Former Manhattan prosecutors specializing in criminal defense and civil rights in state and federal courts.


Posted By Galluzzo & Arnone || 3-Feb-2014

Arrests for Selling Fake Tickets and Ticket Scalping:

(Credit: Laura Monagle)

With the Super Bowl just around the corner, the problem of ticket scamming has been heavily reported in the media. It was reported this week that two men were caught selling fake Super Bowl tickets to fans for thousands of dollars.

http://nypost.com/2014/01/28/cops-bust-super-bowl-ticket-scammers/

While the internet has created a market for the selling of second hand tickets, individuals caught selling phony tickets face criminal prosecution. New York Penal Law ('NYPL') §170 sets out the offences relating to forged items.

Counterfeit Super Bowl tickets would come under the 170.00 (1) definition of a 'written instrument': any written instrument or article, including computer data or a computer program, containing written or printed matter or the equivalent thereof, used for the purpose of reciting, embodying, conveying or recording information, or constituting a symbol or evidence of value, right, privilege or identification, which is capable of being used to the advantage or disadvantage of some person; or the sub-section (2) definition of a 'complete written instrument': one which purports to be a genuine written instrument fully drawn with respect to every essential feature thereof. Sub-section (7) defines a 'forged instrument' as: a written instrument which has been falsely made, completed or altered.

The two men arrested in this week's Super Bowl ticket bust face multiple charges, including forgery and criminal possession of a forged instrument.

NYPL sets out the offenses relating to forgery in § 170.05 (forgery in the third degree) and § 170.10(1) (forgery in the second degree) which would be relevant to the making of counterfeit tickets. Forgery in the third degree relates to making/altering a written instrument with the intent to deceive or defraud. Forgery in the second degree relates to the same act, with respect to a commercial instrument (that is, a ticket to an event). It is likely that with regards to the Super Bowl tickets in this case, and in any similar case, that an individual would be charged in the second degree, as the penalty is higher. Forgery in the third degree is a class A misdemeanor, and anyone charged under this section faces one year imprisonment. Forgery in the second degree is a class D felony, and anyone charged under this section faces seven years imprisonment.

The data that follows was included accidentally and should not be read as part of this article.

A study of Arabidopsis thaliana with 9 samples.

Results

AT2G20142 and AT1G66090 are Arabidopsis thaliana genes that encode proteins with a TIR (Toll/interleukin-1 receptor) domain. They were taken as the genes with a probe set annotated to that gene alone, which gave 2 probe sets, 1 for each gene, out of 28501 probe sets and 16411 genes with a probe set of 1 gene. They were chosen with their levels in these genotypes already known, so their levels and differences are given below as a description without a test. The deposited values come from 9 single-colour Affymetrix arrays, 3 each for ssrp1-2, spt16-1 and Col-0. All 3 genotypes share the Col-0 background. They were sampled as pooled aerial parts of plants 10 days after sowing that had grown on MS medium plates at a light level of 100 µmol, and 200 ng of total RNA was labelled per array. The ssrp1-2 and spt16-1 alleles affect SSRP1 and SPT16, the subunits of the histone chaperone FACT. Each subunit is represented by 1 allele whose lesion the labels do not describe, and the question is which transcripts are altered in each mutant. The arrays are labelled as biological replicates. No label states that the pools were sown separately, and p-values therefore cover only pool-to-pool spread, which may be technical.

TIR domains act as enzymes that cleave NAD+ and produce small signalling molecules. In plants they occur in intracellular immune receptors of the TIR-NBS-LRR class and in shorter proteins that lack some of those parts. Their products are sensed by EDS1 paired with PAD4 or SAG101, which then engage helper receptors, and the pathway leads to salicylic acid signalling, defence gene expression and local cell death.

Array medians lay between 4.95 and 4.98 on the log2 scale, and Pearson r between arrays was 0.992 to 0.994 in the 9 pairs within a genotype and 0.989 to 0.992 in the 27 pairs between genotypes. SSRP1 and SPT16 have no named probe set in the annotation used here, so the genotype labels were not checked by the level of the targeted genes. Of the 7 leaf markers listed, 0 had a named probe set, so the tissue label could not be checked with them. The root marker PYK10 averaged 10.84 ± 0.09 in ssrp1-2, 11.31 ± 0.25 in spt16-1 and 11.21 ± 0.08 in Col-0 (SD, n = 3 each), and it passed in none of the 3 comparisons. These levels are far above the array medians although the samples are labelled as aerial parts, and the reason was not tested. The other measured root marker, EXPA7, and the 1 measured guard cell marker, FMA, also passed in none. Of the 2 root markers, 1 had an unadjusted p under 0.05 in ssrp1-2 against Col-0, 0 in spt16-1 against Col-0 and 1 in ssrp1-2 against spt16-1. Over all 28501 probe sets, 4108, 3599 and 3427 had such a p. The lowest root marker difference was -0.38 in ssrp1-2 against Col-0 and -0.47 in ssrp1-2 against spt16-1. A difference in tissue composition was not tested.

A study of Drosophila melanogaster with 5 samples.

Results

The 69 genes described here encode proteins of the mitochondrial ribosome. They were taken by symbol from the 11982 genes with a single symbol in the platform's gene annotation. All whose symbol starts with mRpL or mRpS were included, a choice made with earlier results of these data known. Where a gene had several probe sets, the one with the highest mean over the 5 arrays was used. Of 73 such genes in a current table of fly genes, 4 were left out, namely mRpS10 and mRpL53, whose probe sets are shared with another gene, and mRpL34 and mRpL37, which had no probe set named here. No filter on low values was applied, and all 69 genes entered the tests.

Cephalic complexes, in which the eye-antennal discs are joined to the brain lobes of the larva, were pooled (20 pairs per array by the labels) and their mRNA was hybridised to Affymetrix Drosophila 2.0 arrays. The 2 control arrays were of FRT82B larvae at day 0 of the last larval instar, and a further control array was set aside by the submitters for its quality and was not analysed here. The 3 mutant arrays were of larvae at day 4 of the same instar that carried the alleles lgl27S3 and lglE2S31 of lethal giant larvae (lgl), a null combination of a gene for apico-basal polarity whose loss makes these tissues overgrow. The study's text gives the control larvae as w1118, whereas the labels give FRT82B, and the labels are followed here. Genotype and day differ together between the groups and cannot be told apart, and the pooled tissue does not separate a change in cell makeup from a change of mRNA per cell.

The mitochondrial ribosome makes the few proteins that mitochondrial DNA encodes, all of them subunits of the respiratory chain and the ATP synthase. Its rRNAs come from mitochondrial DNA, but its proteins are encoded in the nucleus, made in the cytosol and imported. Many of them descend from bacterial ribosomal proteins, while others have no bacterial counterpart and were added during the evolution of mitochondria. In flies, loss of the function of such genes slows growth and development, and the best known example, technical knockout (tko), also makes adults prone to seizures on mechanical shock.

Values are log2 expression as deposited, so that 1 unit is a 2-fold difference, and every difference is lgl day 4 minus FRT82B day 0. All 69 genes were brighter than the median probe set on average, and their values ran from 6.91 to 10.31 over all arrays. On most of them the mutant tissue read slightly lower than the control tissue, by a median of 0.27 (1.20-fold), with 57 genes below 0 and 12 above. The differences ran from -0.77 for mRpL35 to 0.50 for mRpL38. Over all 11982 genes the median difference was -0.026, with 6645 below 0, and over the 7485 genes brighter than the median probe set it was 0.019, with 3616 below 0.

Individuals who are found with fake tickets on their person face charges relating to criminal possession of a forged instrument. NYPL § 170.20 (criminal possession of a forged instrument in the third degree) and § 170.25 (criminal possession in the second degree) are the relevant provisions. If an individual has been charged with forgery in the second degree, it is likely that they will also be charged with criminal possession of a forged instrument in the second degree, which also requires that the instrument be a commercial instrument. Criminal possession of a forged instrument in the third degree is a class A misdemeanor, and anyone charged under this section faces one year imprisonment. Criminal possession of a forged instrument in the second degree is a class D felony, and anyone charged under this section faces seven years imprisonment.

The two men arrested this week, who sold individual Super Bowl tickets for $1,500 each, could face charges of grand larceny in the fourth degree, under § 155.30 (1): stealing property (money), the value of which exceeds one thousand dollars. NYPL § 155.05(2)(a) allows for larceny by way of trick (fake tickets). Grand larceny in the fourth degree is a class E felony, and anyone charged under this section faces four years. Attempted grand larceny (under § 110.00, an 'attempt' is engaging in conduct with intent to commit a crime which tends to effect the commission of the crime) is a class A misdemeanor, and anyone charged under this section faces one year imprisonment.

Sale of counterfeit tickets could also result in charges of fraudulent accosting, under NYPL § 165.30. Sub-section (1) states that a person is guilty of fraudulent accosting when he accosts a person in a public place with intent to defraud them or money or other property by means of a trick, swindle or confidence game. This sub-section clearly only relates to ticket scalping in a public place. Fake tickets would seem to be sufficient to constitute a trick or swindle. Fraudulent accosting is a class A misdemeanor, and anyone charged under this section faces one year imprisonment.

In addition to the above charges, individuals who are caught ticket scalping could face charges under the Arts and Culture Affairs Law ('ACA Law'). ACA Law § 25.09 states that any person who is in violation of §25.13 (sale of tickets without a license) will be guilty of ticket speculation. Ticket speculation is a class A misdemeanor, and anyone charged under this section faces one year imprisonment.

Given the heavy penalties associated with these offenses, individuals charged with any of the above offenses should contact an experienced attorney to handle their case.